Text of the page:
The History Channel’s The Bible is one of two cable shows generating massive ratings and stunning Hollywood. The Bible’s first-night ratings were so big that it even bested Fox’s American Idol.
The second installment of this five-part mini-series airing at 8-10 p.m. Sundays through Easter — the first foray into scripted drama for “Survivor” creator Burnett — drew 10.8 million viewers, good for number one in its timeslot and number 11 overall for the week. Even bigger was part one the week before, which amassed an audience of 13.1 million viewers, cable’s largest of the year. That series premiere topped the ratings for both of the week’s episodes of “American Idol.”
For a show about an old book, with no big stars and no cliffhanger ending to keep you guessing, that ain’t bad.
The other cable show that’s making ratings waves is, superficially, not like The Bible at all. Duck Dynasty hasn’t crushed American Idol, but it did set a record for its network a couple of weeks ago.
Wednesday night’s third-season premiere of A&E’s reality series “Duck Dynasty” was the most-watched nonfiction show on cable television so far this year, crushing much of the competition on the broadcast networks, especially among the younger viewers of most value to advertisers.
“Duck Dynasty” attracted a vast audience for cable, 8.6 million viewers, the most for any nonfiction show on cable in 2013. But the 10 p.m. half-hour of “Dynasty” also pulled in five million viewers in the 18- to 49-year-old age group, the one that most networks sell to their advertisers.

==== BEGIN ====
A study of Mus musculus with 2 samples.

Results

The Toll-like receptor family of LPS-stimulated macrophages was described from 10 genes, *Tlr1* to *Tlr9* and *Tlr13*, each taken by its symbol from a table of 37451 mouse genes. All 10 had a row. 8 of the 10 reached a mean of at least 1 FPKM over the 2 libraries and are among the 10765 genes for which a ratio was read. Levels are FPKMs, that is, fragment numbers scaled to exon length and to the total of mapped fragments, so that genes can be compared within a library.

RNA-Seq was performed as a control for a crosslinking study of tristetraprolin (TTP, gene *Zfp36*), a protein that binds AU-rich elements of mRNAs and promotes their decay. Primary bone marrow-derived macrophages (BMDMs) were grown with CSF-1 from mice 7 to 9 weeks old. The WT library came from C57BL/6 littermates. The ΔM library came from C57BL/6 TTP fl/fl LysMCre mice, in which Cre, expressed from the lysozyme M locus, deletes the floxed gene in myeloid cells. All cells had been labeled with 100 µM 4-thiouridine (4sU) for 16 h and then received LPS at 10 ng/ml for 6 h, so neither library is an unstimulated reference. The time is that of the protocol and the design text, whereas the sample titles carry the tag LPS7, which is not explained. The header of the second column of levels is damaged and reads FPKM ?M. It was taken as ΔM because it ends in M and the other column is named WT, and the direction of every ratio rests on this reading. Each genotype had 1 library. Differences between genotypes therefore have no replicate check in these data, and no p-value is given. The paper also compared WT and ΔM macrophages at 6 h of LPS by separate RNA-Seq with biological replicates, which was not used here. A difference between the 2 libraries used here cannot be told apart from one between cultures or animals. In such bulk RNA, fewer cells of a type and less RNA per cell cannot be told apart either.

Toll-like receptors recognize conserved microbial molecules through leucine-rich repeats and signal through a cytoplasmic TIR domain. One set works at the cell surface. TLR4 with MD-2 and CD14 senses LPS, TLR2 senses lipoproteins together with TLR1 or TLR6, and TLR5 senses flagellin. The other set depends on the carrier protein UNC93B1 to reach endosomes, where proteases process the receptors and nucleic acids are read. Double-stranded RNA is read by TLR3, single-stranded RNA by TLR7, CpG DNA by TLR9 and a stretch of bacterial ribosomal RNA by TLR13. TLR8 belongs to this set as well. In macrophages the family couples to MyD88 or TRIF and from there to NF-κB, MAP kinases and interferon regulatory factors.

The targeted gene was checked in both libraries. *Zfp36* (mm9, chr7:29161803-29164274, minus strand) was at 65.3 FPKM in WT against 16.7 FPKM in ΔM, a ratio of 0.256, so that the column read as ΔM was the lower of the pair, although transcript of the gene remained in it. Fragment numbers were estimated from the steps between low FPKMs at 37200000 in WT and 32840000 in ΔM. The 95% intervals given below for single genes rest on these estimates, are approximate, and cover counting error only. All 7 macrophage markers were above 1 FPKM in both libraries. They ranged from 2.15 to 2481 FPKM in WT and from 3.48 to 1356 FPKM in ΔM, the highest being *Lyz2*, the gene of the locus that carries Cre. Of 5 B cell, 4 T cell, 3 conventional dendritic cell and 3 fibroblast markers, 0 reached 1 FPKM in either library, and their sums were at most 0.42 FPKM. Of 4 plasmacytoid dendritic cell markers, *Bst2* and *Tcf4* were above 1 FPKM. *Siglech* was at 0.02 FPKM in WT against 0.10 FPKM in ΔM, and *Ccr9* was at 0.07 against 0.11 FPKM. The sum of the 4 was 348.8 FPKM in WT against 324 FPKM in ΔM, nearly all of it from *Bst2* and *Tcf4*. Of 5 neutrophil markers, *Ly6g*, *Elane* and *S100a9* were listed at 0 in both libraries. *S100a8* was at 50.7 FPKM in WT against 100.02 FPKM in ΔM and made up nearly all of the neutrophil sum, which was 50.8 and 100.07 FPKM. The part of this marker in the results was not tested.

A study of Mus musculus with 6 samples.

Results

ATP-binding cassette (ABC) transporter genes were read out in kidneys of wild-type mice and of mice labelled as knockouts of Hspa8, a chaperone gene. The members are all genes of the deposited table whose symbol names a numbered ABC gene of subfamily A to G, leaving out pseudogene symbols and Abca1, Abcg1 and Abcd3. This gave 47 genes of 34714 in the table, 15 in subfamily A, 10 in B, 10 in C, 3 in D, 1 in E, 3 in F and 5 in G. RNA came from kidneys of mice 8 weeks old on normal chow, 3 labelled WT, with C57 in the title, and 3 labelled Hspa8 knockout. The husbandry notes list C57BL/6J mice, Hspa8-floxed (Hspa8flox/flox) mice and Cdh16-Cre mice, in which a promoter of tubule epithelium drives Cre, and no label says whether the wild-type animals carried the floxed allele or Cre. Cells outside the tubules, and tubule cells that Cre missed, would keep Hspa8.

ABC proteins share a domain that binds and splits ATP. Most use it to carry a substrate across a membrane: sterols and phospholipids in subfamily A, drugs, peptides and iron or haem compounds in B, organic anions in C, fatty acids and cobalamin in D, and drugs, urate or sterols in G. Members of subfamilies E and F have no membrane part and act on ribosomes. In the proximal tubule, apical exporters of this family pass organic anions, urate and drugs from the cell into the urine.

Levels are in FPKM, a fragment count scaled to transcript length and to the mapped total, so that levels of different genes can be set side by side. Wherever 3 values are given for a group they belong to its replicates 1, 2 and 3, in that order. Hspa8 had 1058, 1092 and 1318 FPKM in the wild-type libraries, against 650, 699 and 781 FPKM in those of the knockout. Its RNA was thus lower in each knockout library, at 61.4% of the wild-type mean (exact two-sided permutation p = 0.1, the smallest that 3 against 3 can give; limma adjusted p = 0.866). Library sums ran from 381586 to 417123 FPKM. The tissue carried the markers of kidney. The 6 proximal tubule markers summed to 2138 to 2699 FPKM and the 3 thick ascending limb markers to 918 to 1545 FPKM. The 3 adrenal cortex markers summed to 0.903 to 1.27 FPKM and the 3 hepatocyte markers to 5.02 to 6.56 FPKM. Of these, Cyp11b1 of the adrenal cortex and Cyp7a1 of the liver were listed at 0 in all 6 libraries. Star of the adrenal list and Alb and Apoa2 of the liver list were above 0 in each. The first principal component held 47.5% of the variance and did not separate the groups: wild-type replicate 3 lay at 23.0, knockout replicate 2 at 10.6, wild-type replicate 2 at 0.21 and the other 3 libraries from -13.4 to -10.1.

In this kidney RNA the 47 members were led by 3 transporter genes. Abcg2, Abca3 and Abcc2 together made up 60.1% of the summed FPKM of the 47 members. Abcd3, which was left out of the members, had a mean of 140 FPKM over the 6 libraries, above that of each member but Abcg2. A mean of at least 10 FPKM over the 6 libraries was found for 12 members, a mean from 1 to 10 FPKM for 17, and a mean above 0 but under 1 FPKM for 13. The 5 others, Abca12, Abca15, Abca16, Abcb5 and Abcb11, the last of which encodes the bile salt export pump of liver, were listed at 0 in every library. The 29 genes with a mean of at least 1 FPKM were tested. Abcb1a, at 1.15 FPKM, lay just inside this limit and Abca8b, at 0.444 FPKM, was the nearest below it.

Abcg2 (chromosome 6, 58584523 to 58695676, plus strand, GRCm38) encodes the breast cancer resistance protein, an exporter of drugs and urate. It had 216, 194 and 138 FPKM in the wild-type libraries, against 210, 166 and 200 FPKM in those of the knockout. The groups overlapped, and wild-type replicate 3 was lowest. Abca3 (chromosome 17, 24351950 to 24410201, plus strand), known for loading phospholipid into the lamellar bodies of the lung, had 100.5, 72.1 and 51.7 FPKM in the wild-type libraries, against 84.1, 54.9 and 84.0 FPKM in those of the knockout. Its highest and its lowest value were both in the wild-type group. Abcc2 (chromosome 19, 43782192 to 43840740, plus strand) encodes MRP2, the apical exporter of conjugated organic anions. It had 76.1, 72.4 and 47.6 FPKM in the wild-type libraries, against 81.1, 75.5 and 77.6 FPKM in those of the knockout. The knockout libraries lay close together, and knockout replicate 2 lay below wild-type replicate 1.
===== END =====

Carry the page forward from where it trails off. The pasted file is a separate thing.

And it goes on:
That topped every half-hour on broadcast television Wednesday night, except for the last half-hour of “American Idol” on Fox. Over all for its two hours, “Idol” finished behind, however, with 4.87 million.
Ducks did beat ABC’s network fare that night, the critically-acclaimed Modern Family. NBC barely registered a blip against the multimillionaire makers of duck calls.
In fact, if the ducks were to have been shown on NBC, it would easily be the top show of the last two months on that network, and better than any entertainment show except “The Voice.”
For a show about self-described rednecks who make hunting gear and goof off a lot, that ain’t bad.
The Bible and Duck Dynasty strongly hint that we have an underserved audience in America. While both shows are very different in presentation, they’re similar in content: Both respect and celebrate traditional values. The Bible treats its subject matter with reverence and respect. Duck Dynasty showcases a family who all seem to get along, they don’t throw swears around all the time, they take life with a lot of humor and common sense, they’re authentically American success stories, and they pray and celebrate Christian faith on camera. It’s good, smart TV without being ridiculous or attacking anyone. It’s everything that shows like Real Housewives of Wherever and Keeping Up With the Inexplicably Famous aren’t and never will be.
We DVR the stew out of Duck Dynasty here in the Tatler household and it’s becoming a go-to for re-watching when there’s nothing else on. I kid you not — neighborhood kids come to our house and have been known to drop off the PlayStation for an episode of Ducks. We’re part of the underserved audience that Hollywood is out of touch with and doesn’t care about, I guess. We’re only, what, about half the country?